Fun and Spending – Not Necessarily The Same!

Are fun and spending the same thing? After all, if you pulled aside ten people on the street and handed them some spending money, chances are good that their eyes are going to light up and they’re definitely going to spend their money on something fun rather than something “boring” like paying the bills.

Yet there’s another question here that we think needs to get answered — are fun and spending necessarily the same thing? We don’t think so at all. When you’re trying to get out of debt, it’s important to note that fun and spending really aren’t the same thing at all. You can go out in the park on a warm summer day and play Frisbee with your friends. You might have had to pay for a Frisbee, but they’re not expensive at all. This means that you got in some cheap fun without going overboard. You got to get some exercise too and have some fun. There’s nothing wrong with getting in fun in the sun, or even spending some money. However, a lot of people do take it to extremes. These are the roots from which a lot of consumer debt springs. Most people are not trying to purposefully get into debt. They think “Oh, I’ll just charge a few things and pay them off when I get a little more money.”

Then life steps in to throw a monkey wrench into things. There might have been a shortage at work, or there might have been other problems that make it downright impossible to be able to do anything productive. You may end up getting very sick and unable to really do much of anything. There are all risks that we take in life when we spend. Of course, the credit card company knows this and they tell you that it’s okay to carry a balance. If you spend $1,000, they might tell you that all you really need to pay is $120. That’s your minimum payment and everything is forgiven, right?

Wrong. The bulk of that money is going to go towards paying the interest on your credit card. The rest is going to go toward the principal, which means that you’re really right back to where you started next month. This can go on and on are your debt skyrockets — those cute shoes you bought for $100 can easily become $300 after interest is applied. That’s a lot to pay for some shoes that might be unbearable after six months!

In order to lead a better financial life, you have to put spending in its place. We know that it’s hard to resist the latest techie goodies or those cute shoes that seem to have been born to grace your feet. Those things are fine in moderation. It’s really like dieting — there’s nobody that will tell you that eating a little ice cream here and there is bad, but there are plenty of studies that show too much of a good thing is really bad for your health.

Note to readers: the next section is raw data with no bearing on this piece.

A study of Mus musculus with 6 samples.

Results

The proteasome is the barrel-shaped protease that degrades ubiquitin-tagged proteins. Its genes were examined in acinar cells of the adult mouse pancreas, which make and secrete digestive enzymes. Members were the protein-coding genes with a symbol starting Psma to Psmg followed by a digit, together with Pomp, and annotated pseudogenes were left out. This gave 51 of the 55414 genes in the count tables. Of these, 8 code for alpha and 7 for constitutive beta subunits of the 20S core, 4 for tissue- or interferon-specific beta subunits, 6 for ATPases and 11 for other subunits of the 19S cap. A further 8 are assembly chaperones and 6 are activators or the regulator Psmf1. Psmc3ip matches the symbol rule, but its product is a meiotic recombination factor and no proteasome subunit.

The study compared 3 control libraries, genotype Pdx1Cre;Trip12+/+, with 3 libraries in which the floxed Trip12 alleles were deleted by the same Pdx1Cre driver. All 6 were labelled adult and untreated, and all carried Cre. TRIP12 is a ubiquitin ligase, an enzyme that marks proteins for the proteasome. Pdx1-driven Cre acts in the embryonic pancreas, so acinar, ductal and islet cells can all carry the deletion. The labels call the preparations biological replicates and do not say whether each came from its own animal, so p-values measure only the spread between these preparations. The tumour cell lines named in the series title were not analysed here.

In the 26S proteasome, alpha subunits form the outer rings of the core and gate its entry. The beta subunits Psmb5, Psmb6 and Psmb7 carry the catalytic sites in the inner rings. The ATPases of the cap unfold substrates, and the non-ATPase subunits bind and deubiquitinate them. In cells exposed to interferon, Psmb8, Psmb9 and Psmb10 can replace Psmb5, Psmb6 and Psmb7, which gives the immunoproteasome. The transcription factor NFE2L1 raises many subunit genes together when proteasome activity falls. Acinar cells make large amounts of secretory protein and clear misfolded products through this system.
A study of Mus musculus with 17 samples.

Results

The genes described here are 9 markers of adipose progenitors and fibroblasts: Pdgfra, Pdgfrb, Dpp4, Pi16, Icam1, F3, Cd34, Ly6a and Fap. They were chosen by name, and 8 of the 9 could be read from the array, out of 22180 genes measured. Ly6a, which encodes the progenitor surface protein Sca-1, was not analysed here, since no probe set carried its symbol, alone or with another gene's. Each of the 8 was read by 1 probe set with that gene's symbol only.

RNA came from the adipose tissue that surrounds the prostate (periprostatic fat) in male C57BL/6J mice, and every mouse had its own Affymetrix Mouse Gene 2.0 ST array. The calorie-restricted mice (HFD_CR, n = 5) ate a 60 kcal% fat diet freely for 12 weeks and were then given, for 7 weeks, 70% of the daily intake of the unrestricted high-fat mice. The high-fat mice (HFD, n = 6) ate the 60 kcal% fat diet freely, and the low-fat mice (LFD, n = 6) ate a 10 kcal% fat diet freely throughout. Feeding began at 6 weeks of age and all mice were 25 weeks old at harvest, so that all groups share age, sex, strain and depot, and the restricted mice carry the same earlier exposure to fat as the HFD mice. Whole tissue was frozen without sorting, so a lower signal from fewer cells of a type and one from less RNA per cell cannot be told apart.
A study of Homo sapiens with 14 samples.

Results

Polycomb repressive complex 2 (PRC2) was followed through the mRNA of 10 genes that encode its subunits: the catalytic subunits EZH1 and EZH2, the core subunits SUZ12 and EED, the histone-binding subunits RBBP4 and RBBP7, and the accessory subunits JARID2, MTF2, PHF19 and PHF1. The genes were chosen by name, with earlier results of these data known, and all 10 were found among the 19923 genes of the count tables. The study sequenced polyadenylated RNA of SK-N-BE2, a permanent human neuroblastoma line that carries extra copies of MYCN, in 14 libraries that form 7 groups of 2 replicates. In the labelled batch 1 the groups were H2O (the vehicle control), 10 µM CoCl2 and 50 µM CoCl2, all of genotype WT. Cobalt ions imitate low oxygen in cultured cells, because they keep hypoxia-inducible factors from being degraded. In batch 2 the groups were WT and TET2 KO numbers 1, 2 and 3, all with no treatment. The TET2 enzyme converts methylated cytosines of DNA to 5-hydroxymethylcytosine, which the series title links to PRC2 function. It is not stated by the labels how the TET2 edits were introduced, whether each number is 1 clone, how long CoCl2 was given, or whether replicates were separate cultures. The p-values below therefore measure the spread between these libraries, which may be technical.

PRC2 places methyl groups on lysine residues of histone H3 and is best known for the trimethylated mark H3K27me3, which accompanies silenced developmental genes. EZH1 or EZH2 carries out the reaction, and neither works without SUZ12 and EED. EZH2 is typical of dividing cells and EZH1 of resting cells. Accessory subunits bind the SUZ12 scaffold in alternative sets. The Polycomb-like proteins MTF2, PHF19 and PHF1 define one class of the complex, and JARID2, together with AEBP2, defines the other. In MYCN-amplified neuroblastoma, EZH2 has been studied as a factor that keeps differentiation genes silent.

You will have to step up and realize that only you can control your spending. If you trust other people to hold you back, they’re going to eventually fail. Why? They know that you will do whatever it takes to get what you want anyway, including wearing them down. That’s why the whole “freeze your credit card in the fridge” thing only works if you have already committed to spending less.

Of course, you might think that you really aren’t a spender. You might think that you only spend a few here and there, and that’s not a bad thing, right? Or you might take the argument that it’s your money and you’ve worked hard all week — so why not blow a little bit of your paycheck on pleasure? It all goes back to the core principles of personal finance — your finances are what you make of them. If you work towards your goals, that’s one thing. But what if your actions are keeping you from the lifestyle that you really deserve?

A lot of people will envy someone that has a nice house or drives a nice car, without stopping to think of the sacrifices that person has made in order to have those nice things. They might have had to take a second job to save up for a business that they worked at for eighty hours a week in order to get profitable. Or they may have taken an inheritance and invested the bulk of it, choosing to live “less” right now so they can have “more” than what they started with.

You have to make that same choice in your head. What type of life do you really want to lead? We can’t tell you what to do with your money, but we would rather have nice things for life, not just nice things for the short term. We would rather have a house that we own rather than hoping and praying that our landlords are kind. Yes when you first buy a home, you’re buying it from the bank and essentially paying rent to the bank. However, you also have the right to improve upon your house and make it better. Some people have seen their houses appreciate so much that the equity in the house made it worth dealing with the mortgage. That’s the power of ownership in action. Is a new car the same way? Not exactly, but if you live like most people, public transportation isn’t always an option. Yes, you can hope that your friend sand family will be content to drive you around, but that ship will sail eventually.

The time is right to get control of your spending. Of course, you definitely don’t have to make the decision on your own — you can get help with the decision. Credit professionals teach everything from personal finance to how to get out of debt, and they help you walk the walk instead of just talking the talk. Credit card settlement negotiation and debt consolidation are just two tools in a debt professional’s toolkit — why not get in touch with one and see what all they can do for you today?